How Do We Train New Communicators?

Communicating effectively to children requires an ongoing commitment to growth as a speaker, as well as a constant evaluation of what is said from the stage. We’re dealing with a wide range of little minds and our job is to be certain that kids are connecting with the content we are sharing.

Becoming an effective children’s communicator doesn’t just happen overnight. It takes time, energy and a whole lot of practice.

This brings me to today’s question, “How do we train new communicators?”

Last year I hired a young man by the name of Dan DeBell to oversee our new 5th and 6th grade class. Dan is a great guy, extremely likable and very willing to serve…but there was just one problem…he had no stage experience whatsoever. Needless to say this was not ideal. Our new middle school class was scheduled to kick off in just a few weeks and we needed Dan to be ready. It was sink or swim time as we gave Dan a crash course in stage presence, speaking style and overall communication comfortability.

I thought I would let Dan share with you in his own words how this process has gone thus far.


First off, allow me to introduce myself. I’m Dan DeBell—our middle school pastor. I grew up here at Church on the Move, volunteered for quite some time with Oneighty, and have worked for the past few years in our facilities department. Last year I was given the awesome opportunity to join the KOTM team. I love this church. I love our children’s ministry. And I jumped at the chance.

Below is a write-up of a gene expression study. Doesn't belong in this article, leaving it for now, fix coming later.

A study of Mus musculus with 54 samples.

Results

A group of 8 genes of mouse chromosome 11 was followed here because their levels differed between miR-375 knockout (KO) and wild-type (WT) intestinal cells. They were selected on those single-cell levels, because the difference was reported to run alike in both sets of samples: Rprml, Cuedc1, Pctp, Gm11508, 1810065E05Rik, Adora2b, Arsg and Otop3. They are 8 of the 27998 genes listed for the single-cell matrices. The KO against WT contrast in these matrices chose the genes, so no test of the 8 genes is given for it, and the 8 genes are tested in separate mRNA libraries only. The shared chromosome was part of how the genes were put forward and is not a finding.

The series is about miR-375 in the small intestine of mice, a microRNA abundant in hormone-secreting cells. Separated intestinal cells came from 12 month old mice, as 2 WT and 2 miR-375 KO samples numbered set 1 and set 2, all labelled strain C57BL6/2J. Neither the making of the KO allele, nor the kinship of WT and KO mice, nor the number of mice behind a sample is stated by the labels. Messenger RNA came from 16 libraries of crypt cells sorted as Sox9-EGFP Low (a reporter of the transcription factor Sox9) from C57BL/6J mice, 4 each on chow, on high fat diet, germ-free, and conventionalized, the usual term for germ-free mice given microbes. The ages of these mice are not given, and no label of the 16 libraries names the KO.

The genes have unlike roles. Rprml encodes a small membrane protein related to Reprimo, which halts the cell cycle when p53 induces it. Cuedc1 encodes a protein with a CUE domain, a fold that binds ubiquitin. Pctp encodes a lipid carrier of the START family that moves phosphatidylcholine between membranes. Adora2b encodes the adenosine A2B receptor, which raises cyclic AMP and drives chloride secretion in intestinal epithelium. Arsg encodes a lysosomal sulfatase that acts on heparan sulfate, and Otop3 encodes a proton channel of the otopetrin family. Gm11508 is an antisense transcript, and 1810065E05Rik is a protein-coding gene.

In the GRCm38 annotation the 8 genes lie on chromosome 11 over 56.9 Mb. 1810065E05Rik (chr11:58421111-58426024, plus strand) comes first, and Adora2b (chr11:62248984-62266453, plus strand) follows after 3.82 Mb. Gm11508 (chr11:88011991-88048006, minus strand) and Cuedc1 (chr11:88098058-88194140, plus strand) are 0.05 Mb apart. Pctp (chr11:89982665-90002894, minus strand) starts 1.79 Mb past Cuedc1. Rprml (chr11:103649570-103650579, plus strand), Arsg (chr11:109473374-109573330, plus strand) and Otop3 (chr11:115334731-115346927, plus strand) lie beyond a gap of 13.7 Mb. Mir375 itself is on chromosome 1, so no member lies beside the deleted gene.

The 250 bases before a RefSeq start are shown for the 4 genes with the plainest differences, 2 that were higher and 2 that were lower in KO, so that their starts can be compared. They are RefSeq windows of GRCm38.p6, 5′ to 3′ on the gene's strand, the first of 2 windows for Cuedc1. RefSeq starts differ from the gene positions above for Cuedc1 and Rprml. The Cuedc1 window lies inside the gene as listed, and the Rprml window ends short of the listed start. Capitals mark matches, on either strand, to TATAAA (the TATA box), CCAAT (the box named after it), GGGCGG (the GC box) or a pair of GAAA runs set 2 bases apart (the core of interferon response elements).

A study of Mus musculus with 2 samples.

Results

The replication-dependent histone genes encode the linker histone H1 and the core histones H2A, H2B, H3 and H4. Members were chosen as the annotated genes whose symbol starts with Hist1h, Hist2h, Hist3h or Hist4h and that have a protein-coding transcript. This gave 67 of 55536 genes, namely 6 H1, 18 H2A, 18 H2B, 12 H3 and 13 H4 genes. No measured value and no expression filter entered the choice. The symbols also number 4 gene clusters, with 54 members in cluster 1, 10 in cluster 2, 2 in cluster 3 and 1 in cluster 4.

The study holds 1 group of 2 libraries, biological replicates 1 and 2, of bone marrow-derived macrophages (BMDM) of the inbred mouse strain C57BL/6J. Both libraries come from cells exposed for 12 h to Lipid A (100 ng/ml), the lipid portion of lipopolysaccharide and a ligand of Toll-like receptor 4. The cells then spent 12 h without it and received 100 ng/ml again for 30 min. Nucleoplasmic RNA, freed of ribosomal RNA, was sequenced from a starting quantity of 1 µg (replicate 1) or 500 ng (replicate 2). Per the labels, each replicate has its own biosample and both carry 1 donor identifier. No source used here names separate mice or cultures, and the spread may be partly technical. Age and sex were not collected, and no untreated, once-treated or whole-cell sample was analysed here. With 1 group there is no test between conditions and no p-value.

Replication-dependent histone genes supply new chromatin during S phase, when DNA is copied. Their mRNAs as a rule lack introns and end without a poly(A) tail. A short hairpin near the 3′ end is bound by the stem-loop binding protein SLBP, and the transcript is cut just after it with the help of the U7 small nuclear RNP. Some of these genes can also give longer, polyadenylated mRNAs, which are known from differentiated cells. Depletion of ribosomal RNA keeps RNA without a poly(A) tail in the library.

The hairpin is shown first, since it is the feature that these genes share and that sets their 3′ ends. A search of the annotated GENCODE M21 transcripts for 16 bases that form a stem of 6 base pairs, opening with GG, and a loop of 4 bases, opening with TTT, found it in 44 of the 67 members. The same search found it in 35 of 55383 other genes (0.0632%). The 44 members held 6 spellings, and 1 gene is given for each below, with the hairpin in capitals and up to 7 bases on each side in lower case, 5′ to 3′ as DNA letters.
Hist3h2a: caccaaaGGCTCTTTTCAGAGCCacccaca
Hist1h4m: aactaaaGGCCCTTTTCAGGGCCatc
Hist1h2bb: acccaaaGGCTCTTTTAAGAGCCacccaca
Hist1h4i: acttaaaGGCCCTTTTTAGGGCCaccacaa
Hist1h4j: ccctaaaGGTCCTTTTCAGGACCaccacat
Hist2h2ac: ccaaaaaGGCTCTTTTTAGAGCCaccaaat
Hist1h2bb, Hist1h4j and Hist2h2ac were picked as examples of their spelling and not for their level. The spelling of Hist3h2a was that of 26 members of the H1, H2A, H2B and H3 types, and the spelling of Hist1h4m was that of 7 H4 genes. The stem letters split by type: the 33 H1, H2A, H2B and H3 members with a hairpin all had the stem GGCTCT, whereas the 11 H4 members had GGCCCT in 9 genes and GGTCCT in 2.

One of the first things I figured out pretty quickly is the value we put on communicating to kids the right way. Since the majority of my experience at first came from hosting and sketches, that’s the angle I’ll hit.

It’s important to be able to walk confidently on stage and know your material. That only comes from practice (at home) and rehearsal (on stage). It is my responsibility to know my lines; otherwise, throughout the sketch, I’ll be thinking, What is my next cue? The first time I performed a sketch, I was incredibly nervous, especially since it included me interacting with characters. But I made sure to practice my lines until I could say them without thinking.

Practice isn’t enough. Once you know your material, it’s important to rehearse it on stage until you get it right. When the service begins, I have to know my blocking (where I’ll stand on stage), my lines, my transitions, and, most importantly, how the entire sketch is going to end. All of that is established in rehearsal.

It’s easy to feel like you’re coming across as much more excited than you actually are. So if I’m going to make the storyline of our service interesting, my actions and voice have to be bigger and more exaggerated. One of the best ways I learn where I need to improve is from watching the film of our rehearsals. This gives me the opportunity to review and make changes before I’m in front of a live audience.

In one of our services, the Evil Andrew Dale steals the kids’ popsicles right in front of me. After the service, my producer mentioned that I reacted pretty calmly to the thief. He then asked, “How would you really respond?”

Right there I learned to sell the sketch: I have to get lost in the story and ask myself, “If this were really happening right now, how would I react?” When I ask this, my performance and the sketch truly come to life.

Early on, I learned to thicken my skin. If I want to get better, I have to take into consideration the criticisms with the compliments from my associates, my producers, and myself. I never blow off a critique. I also evaluate those better than I.

If you’d like to check out the sketch with the Evil Andrew Dale, you can listen to our podcast. Check out WEEK 4 of MY CHURCH ROCKS.

I know we’re going to talk about this more here on the blog and at Seeds Conference. Hope to see you there!